Crystal Palace have unveiled plans to obtain Category One academy status by the start of next season, with Roy Hodgson central to the club’s hopes of increasing the number of youth players progressing into the first-team.
The 72-year-old is out of contract at the end of the campaign, but talks are ongoing with the former England manager to extend his stay at Selhurst Park and the signs suggest he will be in the dugout for the 2020-21 term.
Palace this week revealed aspirations to improve the facilities at their Beckenham academy base; making it a campus that would include a full-size outdoor 3G pitch, indoor 3G pitch, changing rooms, gym and physio rooms, sports science area, classrooms and a restaurant.
The aforementioned changes would enable the Premier League outfit to secure Category One status – improving the level of opposition the 220 boys on their books would face and increasing the likelihood that the best players at Copers Cope Road would not be poached.
Location wise, the academy site, which the club have a 75-year lease for, is minutes away from the first-team training ground and well connected to public transport with Beckenham train station minutes away.
Hodgson may have turned 72 in August, but Palace’s chairman Steve Parish was effusive in his praise for the experienced boss, who gave youth-teamer Aaron Wan-Bissaka his full debut before the right-back earned a move to Manchester United this summer for £50million.
“We are having conversations. It is something we are talking about and there is no real time frame,” Parish revealed when quizzed on contract talks with his current manager.
“Roy is brilliant with his training sessions and it is fascinating, he is 72, but everybody buys into him at every age group whether it be on the training field or talking to him in his office.
“He is relatable to everyone. He knows how to talk to these people, is from the area and he is a huge positive.
“The proximity of the academy to the first-team training ground is brilliant and most people would tell you almost perfect. They are not in with the first team and don’t consider to be first-teamers before their time, but if Roy needs four players to train, we send four over.
“And that is how Aaron came about. Roy needed a right-back, (coach) Kevin Keen said send Aaron over. They sent him over and he never came back.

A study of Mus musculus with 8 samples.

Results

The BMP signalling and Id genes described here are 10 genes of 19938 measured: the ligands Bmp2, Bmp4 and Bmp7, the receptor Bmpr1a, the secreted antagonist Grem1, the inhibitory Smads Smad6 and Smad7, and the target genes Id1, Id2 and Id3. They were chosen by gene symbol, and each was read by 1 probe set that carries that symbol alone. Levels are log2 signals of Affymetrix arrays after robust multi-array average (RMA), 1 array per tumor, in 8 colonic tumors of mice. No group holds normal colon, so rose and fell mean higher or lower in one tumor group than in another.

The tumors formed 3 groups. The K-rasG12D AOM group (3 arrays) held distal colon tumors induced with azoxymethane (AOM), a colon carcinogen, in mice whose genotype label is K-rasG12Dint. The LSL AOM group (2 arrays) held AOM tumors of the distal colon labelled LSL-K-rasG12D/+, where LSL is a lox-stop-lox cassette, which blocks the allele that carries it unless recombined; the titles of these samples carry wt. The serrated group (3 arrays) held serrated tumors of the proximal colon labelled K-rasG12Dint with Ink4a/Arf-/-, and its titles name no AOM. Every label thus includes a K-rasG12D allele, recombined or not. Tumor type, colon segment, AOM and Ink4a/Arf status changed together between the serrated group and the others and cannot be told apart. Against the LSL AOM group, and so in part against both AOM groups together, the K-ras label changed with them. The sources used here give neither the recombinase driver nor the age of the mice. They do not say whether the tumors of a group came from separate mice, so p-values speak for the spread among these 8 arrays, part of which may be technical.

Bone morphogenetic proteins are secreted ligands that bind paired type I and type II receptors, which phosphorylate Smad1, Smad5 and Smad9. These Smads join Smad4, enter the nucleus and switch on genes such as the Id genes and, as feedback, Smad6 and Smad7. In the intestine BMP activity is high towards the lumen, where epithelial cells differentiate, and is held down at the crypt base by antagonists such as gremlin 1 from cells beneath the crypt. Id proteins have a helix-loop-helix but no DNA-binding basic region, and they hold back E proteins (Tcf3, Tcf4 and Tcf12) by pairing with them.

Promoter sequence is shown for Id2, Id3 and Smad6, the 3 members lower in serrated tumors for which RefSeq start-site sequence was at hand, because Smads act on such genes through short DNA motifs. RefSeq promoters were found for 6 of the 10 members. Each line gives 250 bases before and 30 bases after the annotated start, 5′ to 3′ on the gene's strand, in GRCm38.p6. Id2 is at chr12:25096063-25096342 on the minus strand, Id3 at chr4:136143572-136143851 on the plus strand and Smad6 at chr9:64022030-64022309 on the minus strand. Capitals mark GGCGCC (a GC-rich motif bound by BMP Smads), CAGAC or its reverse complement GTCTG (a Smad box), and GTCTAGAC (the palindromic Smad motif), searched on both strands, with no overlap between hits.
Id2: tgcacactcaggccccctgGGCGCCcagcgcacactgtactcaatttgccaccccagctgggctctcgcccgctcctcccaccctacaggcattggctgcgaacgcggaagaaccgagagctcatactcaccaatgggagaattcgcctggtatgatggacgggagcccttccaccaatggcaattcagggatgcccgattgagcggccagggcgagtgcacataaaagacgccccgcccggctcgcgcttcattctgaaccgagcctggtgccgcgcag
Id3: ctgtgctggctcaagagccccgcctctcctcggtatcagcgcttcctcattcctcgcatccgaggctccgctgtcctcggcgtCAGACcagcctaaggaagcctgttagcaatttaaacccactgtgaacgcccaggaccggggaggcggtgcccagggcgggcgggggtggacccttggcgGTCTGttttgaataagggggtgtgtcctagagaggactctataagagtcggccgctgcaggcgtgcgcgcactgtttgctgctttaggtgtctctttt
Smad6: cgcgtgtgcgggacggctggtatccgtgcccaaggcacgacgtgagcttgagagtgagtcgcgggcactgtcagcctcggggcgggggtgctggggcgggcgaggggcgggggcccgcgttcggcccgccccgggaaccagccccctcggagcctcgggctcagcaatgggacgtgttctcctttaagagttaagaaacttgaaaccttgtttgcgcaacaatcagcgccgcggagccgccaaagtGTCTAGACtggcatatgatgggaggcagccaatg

“Players go over to train with Roy all the time and he watches the under-23 games and there is no agenda. He will say if they will have a career or if he will keep them in the group, so he is absolutely pivotal to bringing players through.”
A meeting with local residents will take place on Thursday to explain the benefits of the club taking over the sole running of the base before a planning application is submitted to Bromley Council in November.
Previously it was the home of Goals Beckenham North while a gym is located on the premise alongside a children’s amusement centre.
Chairman Parish is hopeful residents will see the positives of the site being set up to host the Palace academy for the next 75 years, therefore thwarting the threat of future property development.
He also confirmed this project, which should cost an estimated £15-20million, will not have an impact on the club’s plans to redevelop and increase the capacity at Selhurst Park.
Parish added: “We think both are very important, but this is probably more urgent and can make more of an impact.”
The 54-year-old from Lewisham did admit holding up the club’s stadium plans is an issue with land owned by a nearby Sainsbury’s, but confirmed negotiations were ongoing.
South London has recently been described as a hotbed for footballers – with 14 per cent of the English players featuring in last season’s Premier League coming from the area – and Parish feels it is a mixture of the size of population plus the hunger and desire of those living there because they know it is a way out.
Given Palace’s location, the prospect of Category One status could see them snapping up the talent on the south of the River Thames from Bexley all the way across to Wandsworth, rather than watching some sign with fellow rivals in the capital like Arsenal, Chelsea, Tottenham and West Ham.
But Parish’s overall desire for the academy includes “all the things on the outside of football in terms of the care and education” given to the players aged from nine all the way up to 23.
While Wan-Bissaka remains an inspiration for the current crop of youth-teamers, the major success story for the Palace chairman is Wilfried Zaha, who has made more than 350 outings for the club in two spells since coming through the ranks.
“I didn’t come into football to trade players so the biggest success of the academy for me is Zaha because he has played 300-odd times for the club,” Parish insisted.
“We are not here to create players for elite clubs, we are here to try and win things. That is where I want to get to. I want to compete with these guys.
“I would like to see Wan-Bissaka, Wilfried and seven other academy players fighting it out for top six and top four, that is what I would like to see. It might be a delusional aspiration, but I don’t understand what the point of doing it is otherwise.”